Minecraft

July 10th, 2017

With over 121 million copies sold, chances are you’ve heard of Minecraft. This video game is particularly popular with teens and children, and you may ask whether the time spent in front of a screen is useful. The answer is yes! In addition to being incredibly fun, Minecraft offers many educational benefits.

The overall goal of Minecraft is survival. Players must build shelters, harvest resources, and create tools they’ll need to thrive. Time management is crucial for making progress – If a player takes too long to harvest, they might not make it home before night falls and monsters come out. Since resources are limited, players must prioritize which projects are most important. A new pickaxe may help with mining resources more quickly, but building a pen for livestock may be a more pressing need. Critical thinking is necessary for success. Players strengthen math skills by planning how many blocks are needed to complete a project, or how much food they’ll need to make it through the day. And Minecraft is far from solitary: online gameplay allows players to cooperate with friends, making their unique world even better.

Playing video games is not just child’s play – the video game industry is an economic engine with more than 2,300 video game developer locations across the nation. Just in Maryland there are 9 college programs and 47 companies that are part of the video game industry. According to the Entertainment Software Association, employees in the industry earned an average compensation of close to $100,000 per year in 2015.

If you or your student is interested in learning more about the gaming industry, we have a Gale Online Course called “How to Get Started in Game Development” as well as numerous on-demand video courses through our Lynda.com service that cover game design and various facets of the industry.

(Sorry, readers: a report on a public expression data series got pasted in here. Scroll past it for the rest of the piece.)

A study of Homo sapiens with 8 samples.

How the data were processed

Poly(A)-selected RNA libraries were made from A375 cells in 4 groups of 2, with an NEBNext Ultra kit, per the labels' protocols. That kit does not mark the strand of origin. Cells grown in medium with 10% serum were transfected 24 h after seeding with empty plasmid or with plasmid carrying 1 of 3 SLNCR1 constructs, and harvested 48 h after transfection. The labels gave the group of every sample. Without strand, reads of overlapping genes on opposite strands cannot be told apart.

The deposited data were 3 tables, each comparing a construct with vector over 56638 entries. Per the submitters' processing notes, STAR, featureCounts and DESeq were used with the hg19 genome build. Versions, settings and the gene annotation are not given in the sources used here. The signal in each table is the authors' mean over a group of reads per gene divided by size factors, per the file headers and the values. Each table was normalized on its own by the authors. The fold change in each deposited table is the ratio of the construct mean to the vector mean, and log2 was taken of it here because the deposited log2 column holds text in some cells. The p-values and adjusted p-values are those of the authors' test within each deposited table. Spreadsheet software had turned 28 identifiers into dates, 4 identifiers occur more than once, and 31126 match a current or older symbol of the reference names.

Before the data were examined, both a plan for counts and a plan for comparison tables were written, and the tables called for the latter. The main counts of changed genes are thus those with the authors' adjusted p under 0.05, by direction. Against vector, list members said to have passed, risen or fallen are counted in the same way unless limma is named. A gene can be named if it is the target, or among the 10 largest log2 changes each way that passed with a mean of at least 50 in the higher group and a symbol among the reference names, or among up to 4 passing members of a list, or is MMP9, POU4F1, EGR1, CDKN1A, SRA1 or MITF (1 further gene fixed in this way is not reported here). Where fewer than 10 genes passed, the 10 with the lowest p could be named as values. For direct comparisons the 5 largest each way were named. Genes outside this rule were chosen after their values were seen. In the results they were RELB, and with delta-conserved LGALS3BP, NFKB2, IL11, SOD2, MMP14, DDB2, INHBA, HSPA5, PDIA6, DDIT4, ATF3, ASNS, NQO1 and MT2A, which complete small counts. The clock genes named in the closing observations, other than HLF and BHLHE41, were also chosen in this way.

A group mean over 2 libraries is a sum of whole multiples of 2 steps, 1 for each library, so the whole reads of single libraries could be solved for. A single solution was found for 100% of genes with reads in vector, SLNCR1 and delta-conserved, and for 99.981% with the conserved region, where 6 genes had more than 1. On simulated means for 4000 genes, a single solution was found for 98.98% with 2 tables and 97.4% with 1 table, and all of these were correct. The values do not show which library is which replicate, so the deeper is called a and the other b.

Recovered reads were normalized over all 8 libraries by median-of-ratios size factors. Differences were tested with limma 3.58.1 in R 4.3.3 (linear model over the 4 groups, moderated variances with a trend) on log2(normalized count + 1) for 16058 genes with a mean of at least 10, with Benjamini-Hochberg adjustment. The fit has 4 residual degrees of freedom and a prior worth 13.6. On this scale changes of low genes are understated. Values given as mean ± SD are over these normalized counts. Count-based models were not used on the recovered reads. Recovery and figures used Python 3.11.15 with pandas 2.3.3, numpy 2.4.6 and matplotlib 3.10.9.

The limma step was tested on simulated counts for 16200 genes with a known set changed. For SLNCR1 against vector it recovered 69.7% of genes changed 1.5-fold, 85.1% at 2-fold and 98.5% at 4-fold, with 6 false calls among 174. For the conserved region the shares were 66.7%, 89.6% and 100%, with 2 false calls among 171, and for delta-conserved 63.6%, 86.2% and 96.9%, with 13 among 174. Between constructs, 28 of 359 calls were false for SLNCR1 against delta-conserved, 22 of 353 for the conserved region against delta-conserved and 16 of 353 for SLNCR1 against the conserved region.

Whether you’re a novice or an old pro, Cecil County Public Library can help you learn new skills and get the most out of your Minecraft and other gaming experiences. We have guidebooks and Internet access to help you find creative projects, and educational programs where players can use our laptops to collaborate and build with other Minecraft players. If someone in your life is a Minecraft devotee, try listening to them as they describe their latest build. Let them show you what they’ve been up to, and ask them for a tour of their virtual world. Chances are they’ll be more than happy to oblige, and you may learn something new in the process!

For a look at what you can do in Minecraft, see one of the entries from the 2016 Teen Film Fest, in which Andrew re-created the Elkton Library in Minecraft.



March 7th, 2016

Teen Film FestivalThere’s something big on the horizon for you, Cecil County teens!

This year, our beloved Cecilwood film competition has morphed into something new. Don’t worry, the 2016 Teen Film Fest will carry on the tradition of allowing you to share your short film with the world. However, we’ve added a few twists to make the experience even better!

You can now shoot and submit your film with a tablet or smartphone. You can also attend a program designed to take your footage to the next level. And yes, your submissions will still be shown to the public, and awards will still be given. Sometimes, change is great.

This year, your goal is to create the best Book Trailer. Have you ever read a book and thought it would make an awesome movie? Did you have a picture in your head of the characters, the scenery, or the epic battle sequences? Would you like to turn your ideas into a short film, and freak out with your fellow book nerds? Now’s your chance. And if you’re not sure what it’ll take to achieve amazing results, never fear! We’ve got you covered with a new two-part program: Behind the Scenes.

Professor Brandon Boas will be visiting the Elkton Central Branch to lead the Behind the Scenes program and help you bring your vision to life. On March 15th @ 3:30 he will help you edit and polish your footage. With this kind of support anything is possible!

Can’t wait to get started? Check out Filmmaking for Teens: Pulling Off Your Shorts or Digital SLR Video and Filmmaking for Dummies, or take a free Gale course in Screenwriting. You should also head over to the Teen Film Fest page for submission guidelines, deadlines, and FAQ’s. Films must be submitted by Friday, April 29 and the screening event is at Elkton Central Library on May 5th.

What book will you create a trailer about?